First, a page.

IF: 1.241 5-Year IF: 1.349 SJR: 0.519 SNIP: 0.613 CiteScore™: 1.61

ISSN Print: 0731-8898
ISSN Online: 2162-6537

Journal of Environmental Pathology, Toxicology and Oncology

DOI: 10.1615/JEnvPathToxOncol.v24.i2.40
pages 105-114

Antioxidant Potential of Black Tea Against 7,12-Dimethylbenz(a)anthracene- Induced Oxidative Stress in Swiss Albino Mice

Neetu Kalra
Environmental Carcinogenesis Division, Industrial Toxicology Research Centre, Lucknow, India
Sahdeo Prasad
Environmental Carcinogenesis Division, Industrial Toxicology Research Centre, Lucknow, India
Yogeshwer Shukla
Environmental Carcinogenesis Division, Industrial Toxicology Research Centre,Lucknow, India

ABSTRACT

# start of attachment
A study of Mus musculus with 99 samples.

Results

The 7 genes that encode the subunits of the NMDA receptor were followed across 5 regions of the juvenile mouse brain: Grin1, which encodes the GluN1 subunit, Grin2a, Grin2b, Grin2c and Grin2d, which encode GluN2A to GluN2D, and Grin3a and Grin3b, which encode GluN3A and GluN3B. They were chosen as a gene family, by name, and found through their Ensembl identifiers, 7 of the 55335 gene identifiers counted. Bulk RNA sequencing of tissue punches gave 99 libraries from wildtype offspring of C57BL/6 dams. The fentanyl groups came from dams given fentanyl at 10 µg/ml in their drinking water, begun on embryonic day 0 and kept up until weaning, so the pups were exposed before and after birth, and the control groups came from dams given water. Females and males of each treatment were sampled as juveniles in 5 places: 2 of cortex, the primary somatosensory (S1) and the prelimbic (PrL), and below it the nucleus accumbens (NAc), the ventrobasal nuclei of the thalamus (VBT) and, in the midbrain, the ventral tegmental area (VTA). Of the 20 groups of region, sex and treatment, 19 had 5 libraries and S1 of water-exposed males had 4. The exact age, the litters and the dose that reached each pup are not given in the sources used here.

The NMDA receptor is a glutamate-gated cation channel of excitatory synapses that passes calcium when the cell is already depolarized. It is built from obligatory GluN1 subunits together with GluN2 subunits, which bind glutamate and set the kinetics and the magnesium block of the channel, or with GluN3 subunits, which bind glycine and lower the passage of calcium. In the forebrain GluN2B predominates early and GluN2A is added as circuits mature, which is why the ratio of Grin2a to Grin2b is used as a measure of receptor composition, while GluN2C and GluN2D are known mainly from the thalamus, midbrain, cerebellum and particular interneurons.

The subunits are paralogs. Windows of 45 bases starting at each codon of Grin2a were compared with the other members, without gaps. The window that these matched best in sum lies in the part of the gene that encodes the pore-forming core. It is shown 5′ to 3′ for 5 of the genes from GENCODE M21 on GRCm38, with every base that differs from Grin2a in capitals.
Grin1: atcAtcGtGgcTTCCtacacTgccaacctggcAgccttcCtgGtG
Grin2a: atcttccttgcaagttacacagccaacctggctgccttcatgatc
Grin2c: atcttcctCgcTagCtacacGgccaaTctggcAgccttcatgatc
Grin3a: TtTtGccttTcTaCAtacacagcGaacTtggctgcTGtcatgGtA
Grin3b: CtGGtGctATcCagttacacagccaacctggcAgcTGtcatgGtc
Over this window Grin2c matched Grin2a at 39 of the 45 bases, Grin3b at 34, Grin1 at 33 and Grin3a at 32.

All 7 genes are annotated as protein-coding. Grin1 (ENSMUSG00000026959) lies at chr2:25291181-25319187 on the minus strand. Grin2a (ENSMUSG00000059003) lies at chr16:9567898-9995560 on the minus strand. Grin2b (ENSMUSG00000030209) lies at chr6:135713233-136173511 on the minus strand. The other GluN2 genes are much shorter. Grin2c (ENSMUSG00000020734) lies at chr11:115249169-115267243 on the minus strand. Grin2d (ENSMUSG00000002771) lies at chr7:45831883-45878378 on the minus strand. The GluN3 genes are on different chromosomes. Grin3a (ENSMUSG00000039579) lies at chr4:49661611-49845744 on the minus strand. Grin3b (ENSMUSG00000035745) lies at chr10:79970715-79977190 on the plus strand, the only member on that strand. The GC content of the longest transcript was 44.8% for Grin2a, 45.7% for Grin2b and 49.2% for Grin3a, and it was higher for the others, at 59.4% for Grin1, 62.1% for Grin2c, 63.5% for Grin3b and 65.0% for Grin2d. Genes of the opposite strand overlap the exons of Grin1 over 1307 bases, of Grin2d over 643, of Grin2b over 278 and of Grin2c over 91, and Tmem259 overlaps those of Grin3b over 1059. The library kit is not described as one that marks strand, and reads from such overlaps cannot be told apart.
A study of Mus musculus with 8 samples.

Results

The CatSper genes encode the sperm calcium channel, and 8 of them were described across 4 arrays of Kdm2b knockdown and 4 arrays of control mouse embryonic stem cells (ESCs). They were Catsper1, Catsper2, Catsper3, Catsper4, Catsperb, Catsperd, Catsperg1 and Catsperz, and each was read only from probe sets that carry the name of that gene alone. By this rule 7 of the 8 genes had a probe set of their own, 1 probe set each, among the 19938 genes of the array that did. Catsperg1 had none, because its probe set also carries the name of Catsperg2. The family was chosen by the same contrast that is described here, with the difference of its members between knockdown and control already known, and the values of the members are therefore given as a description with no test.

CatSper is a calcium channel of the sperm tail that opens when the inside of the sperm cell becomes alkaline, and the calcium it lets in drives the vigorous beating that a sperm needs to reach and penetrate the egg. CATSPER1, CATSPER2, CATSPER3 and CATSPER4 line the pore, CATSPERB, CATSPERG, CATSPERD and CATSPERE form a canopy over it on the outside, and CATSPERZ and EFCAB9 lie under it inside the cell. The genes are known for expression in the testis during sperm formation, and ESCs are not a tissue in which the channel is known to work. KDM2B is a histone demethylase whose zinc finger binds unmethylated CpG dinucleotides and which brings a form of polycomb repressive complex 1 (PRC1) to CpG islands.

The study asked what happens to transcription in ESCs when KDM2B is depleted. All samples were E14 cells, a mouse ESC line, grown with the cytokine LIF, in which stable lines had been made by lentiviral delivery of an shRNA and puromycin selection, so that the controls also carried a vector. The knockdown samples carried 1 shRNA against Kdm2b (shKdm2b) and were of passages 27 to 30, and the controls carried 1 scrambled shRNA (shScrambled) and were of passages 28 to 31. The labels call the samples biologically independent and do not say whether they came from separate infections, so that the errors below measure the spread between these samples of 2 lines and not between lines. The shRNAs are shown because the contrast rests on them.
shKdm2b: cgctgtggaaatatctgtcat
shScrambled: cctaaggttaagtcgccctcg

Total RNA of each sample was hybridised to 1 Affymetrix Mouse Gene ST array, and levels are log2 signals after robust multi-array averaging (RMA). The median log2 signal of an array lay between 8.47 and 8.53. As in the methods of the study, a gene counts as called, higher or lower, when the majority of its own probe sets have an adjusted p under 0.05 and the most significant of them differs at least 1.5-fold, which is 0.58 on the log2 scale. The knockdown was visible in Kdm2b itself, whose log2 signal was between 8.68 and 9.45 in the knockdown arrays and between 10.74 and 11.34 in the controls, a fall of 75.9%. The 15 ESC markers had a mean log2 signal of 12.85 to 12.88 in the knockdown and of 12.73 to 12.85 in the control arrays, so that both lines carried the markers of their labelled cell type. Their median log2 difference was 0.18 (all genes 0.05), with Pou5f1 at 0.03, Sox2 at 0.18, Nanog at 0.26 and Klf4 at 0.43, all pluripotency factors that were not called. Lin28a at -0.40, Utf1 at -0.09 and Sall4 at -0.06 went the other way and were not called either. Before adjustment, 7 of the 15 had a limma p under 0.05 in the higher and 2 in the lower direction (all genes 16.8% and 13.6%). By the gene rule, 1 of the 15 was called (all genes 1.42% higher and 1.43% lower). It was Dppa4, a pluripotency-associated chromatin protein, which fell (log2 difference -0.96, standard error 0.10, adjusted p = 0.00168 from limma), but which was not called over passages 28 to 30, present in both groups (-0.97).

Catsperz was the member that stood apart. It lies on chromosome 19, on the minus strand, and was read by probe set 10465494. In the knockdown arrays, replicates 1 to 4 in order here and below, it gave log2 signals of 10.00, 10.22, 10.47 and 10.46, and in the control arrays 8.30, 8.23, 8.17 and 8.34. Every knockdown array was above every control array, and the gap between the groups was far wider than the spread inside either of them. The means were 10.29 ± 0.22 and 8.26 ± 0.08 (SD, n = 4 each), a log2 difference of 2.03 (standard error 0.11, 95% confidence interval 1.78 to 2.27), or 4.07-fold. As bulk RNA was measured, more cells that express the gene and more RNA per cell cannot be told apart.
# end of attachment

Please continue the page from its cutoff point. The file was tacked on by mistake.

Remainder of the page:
Oxygen free radicals and related reactive species have been implicated in the etiology of many diseases, such as atherosclerosis, neurodegenerative disorders, and cancer. Antioxidant enzymes exist in cells to protect against the effects of these free radicals and other oxygen-derived species, which are produced during the oxidative stress. Tea (Camellia sinensis) is the most commonly consumed beverage worldwide. Both green and black tea are known to possess many pharmacological properties, including antioxidant, antipyretic, antibacterial, and antineoplastic effects. In the present study, the preventive effects of black tea extract (BTE) was evaluated in Swiss albino mice against 7,12-dimethyl benz(a)anthracene (DMBA)-induced oxidative stress. The animals were given 0.5%, 1%, and 1.5% BTE as the sole source of drinking solution for 1 week prior to the administration of DMBA, which was given orally as a single dose of 50 mg/kg body weight. At the end of the study period, the liver, kidney, and prostate tissues were dissected out for the determination of antioxidant enzyme levels (catalase, superoxide dismutase, glutathione reductase, glutathione-S-transferase), and lipid peroxidation. A dose-dependent protective effect of BTE against DMBA-induced depletion in enzymes activity was observed in all three tissues examined. Similarly, a significant dose-dependent inhibition of the lipid peroxidation caused by DMBA was observed in the BTE-administered animals in all three tissues examined. Our results revealed that BTE provides protection against oxidative damage induced by xenobiotics.